Charlotte Bronte was born at Thornton, Yorkshire, the third child of six of the Reverend Patrick Bronte and Maria Branwell Bronte. The Reverend was later appointed as curate in the small village of Haworth on the Yorkshire Mores where Charlotte spent most of her life.
After her mother died, her father sent the five girls to school at Cowan Bridge. When a fever broke out at the school, the two older sisters succumbed to the disease. Charlotte, Emily and Anne wee then brought home and cared for by their Aunt Elizabeth.
The girls severely affected by the death of their sisters spent much of their time engaging in activities of fantasy and imagination. A set of toy soldiers which had been given to their brother, Patrick, provided the inspiration for the girls writing.
When Charlotte's father's health began to fail, he sent her away to Roehead School as he wanted her to be able to be independent. Mrs. Wooler, her teacher, helped Charlotte fill in the missing parts of her education. She earned several awards for outstanding scholarship and in 1832 declined a teaching position at Roehead.
Charlotte instead, returned home to instruct her sisters. In the mornings they would spend time on their studies and in the afternoon, they would draw and spend time on the moor. After dinner they would use the time to sew and have tea. Charlotte also used this time to write fantasies.
In 1835, she returned to Roehead School as a teacher for 3 years. After fighting bouts of nervousness, Charlotte resigned her position and went to work as a governess. In 1842 she went to Brussels with her sister, Emily to study languages at the Pensionat Heger. It was also during this time that, her brother, Patrick, failed as an artist and turned to drugs.
Charlotte wrote a series of poetry as well as four novels: The Professor, Jane Erye, Shirley and Villette. In 1848, devastated by the loss of her 3 remaining siblings, she became dependent upon famous editors and friends for support. In 1854 she married and in 1855 at the age of 39, she died from tuberculosis and pregnancy complications.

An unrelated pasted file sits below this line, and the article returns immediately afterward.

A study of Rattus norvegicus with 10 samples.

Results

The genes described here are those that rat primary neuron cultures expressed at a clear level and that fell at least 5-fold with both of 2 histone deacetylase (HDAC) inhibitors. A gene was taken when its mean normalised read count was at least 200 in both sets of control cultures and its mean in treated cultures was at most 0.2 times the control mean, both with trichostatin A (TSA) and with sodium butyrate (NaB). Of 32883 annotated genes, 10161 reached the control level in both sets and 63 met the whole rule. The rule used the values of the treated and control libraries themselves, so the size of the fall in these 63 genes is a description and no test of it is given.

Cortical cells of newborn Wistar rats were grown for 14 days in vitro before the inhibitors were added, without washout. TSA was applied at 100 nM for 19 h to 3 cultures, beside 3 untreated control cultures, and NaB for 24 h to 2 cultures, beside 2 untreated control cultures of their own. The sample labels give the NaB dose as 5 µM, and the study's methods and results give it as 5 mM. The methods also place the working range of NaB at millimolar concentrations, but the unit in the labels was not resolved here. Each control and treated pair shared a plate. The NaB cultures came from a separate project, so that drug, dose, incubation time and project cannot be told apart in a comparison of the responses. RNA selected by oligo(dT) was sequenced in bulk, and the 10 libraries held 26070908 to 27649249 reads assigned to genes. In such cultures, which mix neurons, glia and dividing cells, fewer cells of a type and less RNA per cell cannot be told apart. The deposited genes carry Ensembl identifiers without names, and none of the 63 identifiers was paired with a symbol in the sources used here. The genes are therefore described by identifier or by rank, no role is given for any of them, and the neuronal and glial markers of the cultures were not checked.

Charlotte Bronte Tales
This was the first novel of Charlotte Bronte. It was rejected by publishers each time it was submitted despite her growing fame after the publication of Jane Eyre. It wasn't until two years after her death that it was finally published. The Professor is based on her experiences as a language student in Brussels. William Crimsworth, the hero, escapes from a humiliating clerkship in a Yorkshire mill to find work, as a teacher in Belgium, where he becomes involved in a flirtation with the headmistress of the school. This ends when he falls in love with a student-teacher. The jealousy of the jilted headmistress creates obstacles to happiness.
The story of a woman of passion and intelligence who refuses to be satisfied by her "place" in society, asserts her identity and aspirations with defiance and dignity. Orphaned she went to live with her Aunt Reed at Gateshead. Subject to the cruel regime at Lowood charity school, Jane Eyre emerges unbroken in spirit and integrity. How she takes up the post of governess at Thornfield Hall, meets and loves Mr. Rochester and discovers a problem to their lawful marriage.
Set during the industrializing of England (1811-12), Shirley is the story of two contrasting heroines. One is the shy Caroline Helstone, who is trapped in the oppressive atmosphere of a Yorkshire rectory and whose bare life symbolizes the plight of single women in the nineteenth century. The other is the vivacious Shirley Keeldar, who inherits a local estate and whose wealth liberates her from convention.
"Lucy Snowe, determined to get away from an unhappy past, leaves England and finds work as a teacher in Madame Beck's school in 'Villette'. Strongly drawn to the schoolmaster Monsieur Paul Emanuel, Lucy is compelled by Madame Beck's jealous interference to assert her right to love and to be loved.